The Phottix Indra500 high-speed TTL studio flash is now shipping

Phottix's Indra500, a HSS TTL monolight that works with the Mitros+ and Odin TTL radio system, is now shipping to retailers.

Phottix Indra500

Phottix’s Indra500, a HSS TTL monolight, is now shipping to retailers.

Compatible with the Phottix Mitros+ and Odin TTL radio triggering systems, the Indra supports wireless power adjustment in manual or auto-TTL modes. The light works with high-speed sync (HSS) at shutter speeds up to 1/8000 second and with rear-curtain sync mode. The minimum flash duration is an action-stopping 1/15,000 second.

The Indra is a portable, self-contained 2.1kg flash head. It has an energy rating of 500J (500Ws) and can muster 400 full-power shots with 2-second recycle times from the 5,000 mAh Li-ion battery pack. You can also run it from the mains using an AC adapter. Full-sized studio lighting accessories may be fitted using the Bowens S-type bayonet. There is a 9W LED modelling lamp.

Phottix Indra500

“The feedback from our testers has been amazing,” said Steve Peer, CEO of Phottix. “We wanted to make sure this product was as good as it could be.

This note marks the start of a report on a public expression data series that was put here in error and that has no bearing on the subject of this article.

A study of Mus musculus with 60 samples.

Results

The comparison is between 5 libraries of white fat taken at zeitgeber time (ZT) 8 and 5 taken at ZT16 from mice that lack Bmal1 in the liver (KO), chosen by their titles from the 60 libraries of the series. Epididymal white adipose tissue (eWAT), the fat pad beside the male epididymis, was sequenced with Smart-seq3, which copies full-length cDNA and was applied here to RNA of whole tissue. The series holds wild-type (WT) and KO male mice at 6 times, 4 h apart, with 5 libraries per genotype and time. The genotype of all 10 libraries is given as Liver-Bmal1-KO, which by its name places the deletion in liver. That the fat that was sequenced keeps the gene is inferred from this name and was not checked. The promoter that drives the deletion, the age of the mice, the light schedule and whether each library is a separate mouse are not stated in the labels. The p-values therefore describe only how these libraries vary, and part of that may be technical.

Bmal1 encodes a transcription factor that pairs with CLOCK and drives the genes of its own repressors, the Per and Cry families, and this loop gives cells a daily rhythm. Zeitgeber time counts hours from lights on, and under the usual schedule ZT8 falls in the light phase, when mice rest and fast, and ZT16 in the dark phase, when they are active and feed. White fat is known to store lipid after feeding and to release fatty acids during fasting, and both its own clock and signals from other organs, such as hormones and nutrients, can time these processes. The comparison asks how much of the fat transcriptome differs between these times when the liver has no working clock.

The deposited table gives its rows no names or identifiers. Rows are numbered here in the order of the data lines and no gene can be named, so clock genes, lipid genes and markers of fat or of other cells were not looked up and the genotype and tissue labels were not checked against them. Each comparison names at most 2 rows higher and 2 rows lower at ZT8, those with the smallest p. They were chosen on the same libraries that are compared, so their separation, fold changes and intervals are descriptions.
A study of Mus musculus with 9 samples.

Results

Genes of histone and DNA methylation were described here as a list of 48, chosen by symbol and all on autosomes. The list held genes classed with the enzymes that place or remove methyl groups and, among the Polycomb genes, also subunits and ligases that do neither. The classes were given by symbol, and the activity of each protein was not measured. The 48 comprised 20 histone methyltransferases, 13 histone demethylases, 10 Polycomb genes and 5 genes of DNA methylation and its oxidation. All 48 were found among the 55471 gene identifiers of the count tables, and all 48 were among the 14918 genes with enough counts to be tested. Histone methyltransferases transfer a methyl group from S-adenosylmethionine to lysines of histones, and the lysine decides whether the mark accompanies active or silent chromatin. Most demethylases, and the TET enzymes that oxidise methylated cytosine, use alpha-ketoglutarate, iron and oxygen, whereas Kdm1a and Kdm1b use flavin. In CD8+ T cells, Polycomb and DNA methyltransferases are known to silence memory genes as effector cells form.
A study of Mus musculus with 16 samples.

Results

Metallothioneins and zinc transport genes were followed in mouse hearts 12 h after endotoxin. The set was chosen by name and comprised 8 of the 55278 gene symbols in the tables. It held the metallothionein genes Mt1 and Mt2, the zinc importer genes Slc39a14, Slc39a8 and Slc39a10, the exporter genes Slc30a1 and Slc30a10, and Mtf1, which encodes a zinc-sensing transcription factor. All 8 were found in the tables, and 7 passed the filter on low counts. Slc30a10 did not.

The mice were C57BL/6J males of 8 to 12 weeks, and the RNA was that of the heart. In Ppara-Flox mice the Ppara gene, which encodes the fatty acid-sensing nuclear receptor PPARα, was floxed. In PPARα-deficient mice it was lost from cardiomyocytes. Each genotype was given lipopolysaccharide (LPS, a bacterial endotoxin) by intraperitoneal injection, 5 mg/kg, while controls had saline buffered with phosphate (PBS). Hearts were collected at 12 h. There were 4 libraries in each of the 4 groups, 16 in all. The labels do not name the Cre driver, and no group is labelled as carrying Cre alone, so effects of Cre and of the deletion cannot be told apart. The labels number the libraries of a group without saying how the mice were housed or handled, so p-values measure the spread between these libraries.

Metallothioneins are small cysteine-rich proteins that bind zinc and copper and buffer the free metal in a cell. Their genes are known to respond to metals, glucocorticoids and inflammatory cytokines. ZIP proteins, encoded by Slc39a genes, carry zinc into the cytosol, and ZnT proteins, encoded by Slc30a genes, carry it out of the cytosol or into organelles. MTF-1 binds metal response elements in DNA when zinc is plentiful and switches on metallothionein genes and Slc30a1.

“We’re not ‘Johhny Come Latelys’ when it comes to TTL. We didn’t want to leave out features for the sake of releasing the product,” he added — a sly reference to Profoto and their B1 AirTTL 500, a TTL monolight which shipped without HSS functionality but later added it in a firmware update.

You can trigger the Indra500 using the Phottix Odin or Mitros+ for Canon or for Nikon, or (in manual mode only) the Strato II. If remote control seems a bit too lazy or you don’t have triggers to hand, the Indra has its own full-colour TFT control panel, a 3.5mm sync port and an optical slave.

The Phottix Indra500 is priced $827.99, or $1,199.99 with battery pack, available to order at B&H Photo and Adorama, or from other regional Phottix dealers. The Indra500 will also be available directly from the Phottix Online Store from 1st January 2015.

David Selby
David is a keen photographer and has been editor of Lighting Rumours since 2010. When not writing about lighting, he works as a data scientist at the University of Manchester, UK.